Degree Type

Thesis

Degree Name

Bachelor of Science in Nursing (BSN)

Date Information

April 2016

Department

School of Nursing

First Advisor

Robin Leger

Abstract

The incidence of compassion fatigue is increasing among healthcare workers especially those who do not know what compassion fatigue is and have not developed healthy ways to cope with compassion fatigue. Unfamiliarity with compassion fatigue stems back to nursing school. Research has been done on what compassion fatigue is, its causes and coping mechanisms but there is limited research as to how compassion fatigue effects students or whether or not nursing school prepares students on how to combat compassion fatigue in high stress or difficult situations.

The intended purpose of this study is to evaluate the risk factors of compassion fatigue in undergraduate nursing students and their preparedness to deal with compassion fatigue as novice nurses.

Methods: The study was set up as a quantitative study of freshman, sophomore, junior and senior undergraduate nursing students in the Salem State University Nursing Program. The ten-question survey contained questions related to demographics, risk factors for compassion fatigue and preparedness.

Results: Data was analyzed using SPSS. Of the 607 possible BSN students, 105 (18%) BSN students completed the survey. 0% of students reported having no stress while 67.7% of students reported having an above average to extreme stress. 43.2% of BSN students reported frequently or constantly being preoccupied with the stressors of others. 73.3% of students reported that they had never heard of the term compassion fatigue. 96.2% of students reported that they do not frequently take time to wind down and reflect after a stressful situation.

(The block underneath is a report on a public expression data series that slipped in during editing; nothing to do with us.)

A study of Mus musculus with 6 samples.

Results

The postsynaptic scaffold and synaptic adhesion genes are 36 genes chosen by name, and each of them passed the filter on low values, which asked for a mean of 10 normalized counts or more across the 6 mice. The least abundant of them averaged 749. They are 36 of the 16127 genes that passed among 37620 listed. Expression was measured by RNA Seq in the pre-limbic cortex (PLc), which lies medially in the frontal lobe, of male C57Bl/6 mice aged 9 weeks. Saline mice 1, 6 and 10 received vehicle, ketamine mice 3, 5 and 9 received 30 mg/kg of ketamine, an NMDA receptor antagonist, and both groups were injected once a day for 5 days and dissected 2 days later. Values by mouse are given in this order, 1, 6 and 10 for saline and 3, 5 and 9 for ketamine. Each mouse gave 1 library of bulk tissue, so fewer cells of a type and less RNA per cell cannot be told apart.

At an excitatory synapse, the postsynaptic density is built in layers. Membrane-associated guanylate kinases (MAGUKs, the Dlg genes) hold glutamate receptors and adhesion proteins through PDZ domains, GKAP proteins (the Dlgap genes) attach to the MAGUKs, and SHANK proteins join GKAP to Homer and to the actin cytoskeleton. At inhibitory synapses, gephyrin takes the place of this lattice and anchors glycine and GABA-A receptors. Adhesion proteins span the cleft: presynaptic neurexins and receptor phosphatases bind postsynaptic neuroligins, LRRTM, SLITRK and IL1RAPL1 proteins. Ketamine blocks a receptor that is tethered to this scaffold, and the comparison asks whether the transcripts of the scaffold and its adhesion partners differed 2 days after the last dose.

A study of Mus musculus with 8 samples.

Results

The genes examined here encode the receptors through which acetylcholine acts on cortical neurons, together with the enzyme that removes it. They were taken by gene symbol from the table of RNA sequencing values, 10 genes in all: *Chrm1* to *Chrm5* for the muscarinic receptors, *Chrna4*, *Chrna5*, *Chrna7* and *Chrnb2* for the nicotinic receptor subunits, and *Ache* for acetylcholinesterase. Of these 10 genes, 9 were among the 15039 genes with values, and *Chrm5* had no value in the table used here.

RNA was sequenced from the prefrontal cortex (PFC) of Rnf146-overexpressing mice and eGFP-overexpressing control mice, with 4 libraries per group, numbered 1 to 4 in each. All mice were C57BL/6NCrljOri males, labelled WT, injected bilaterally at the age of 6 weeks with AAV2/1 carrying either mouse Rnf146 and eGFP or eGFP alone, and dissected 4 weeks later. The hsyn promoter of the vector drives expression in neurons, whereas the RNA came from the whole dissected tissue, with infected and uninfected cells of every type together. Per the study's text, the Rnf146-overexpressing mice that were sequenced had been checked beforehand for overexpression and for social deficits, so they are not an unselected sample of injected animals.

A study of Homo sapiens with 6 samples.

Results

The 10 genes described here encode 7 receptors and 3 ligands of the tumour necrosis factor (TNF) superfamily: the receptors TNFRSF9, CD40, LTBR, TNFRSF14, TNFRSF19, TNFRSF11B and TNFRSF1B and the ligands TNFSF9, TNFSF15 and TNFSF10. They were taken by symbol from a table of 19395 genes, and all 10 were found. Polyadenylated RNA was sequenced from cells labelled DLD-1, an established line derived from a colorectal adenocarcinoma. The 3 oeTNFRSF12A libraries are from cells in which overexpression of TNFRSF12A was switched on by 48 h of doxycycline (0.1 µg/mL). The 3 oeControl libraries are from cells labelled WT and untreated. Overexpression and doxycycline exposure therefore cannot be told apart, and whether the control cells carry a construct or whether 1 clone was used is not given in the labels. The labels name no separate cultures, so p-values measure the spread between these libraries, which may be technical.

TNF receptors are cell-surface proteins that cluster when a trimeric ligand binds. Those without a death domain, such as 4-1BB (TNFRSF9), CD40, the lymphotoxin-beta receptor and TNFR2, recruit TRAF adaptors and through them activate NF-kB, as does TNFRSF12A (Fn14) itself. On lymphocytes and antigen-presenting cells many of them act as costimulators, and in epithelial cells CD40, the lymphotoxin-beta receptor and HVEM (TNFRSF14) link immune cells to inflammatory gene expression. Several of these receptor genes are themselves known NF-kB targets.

Conclusion: In conclusion, the research clearly demonstrates that students are in need of further education regarding the risk of compassion fatigue and how to better prepare themselves. The undergraduate nursing student's reported having several risk factors already in place including high stress and ineffective coping. They also reported being unprepared to deal with challenging situations involving patients.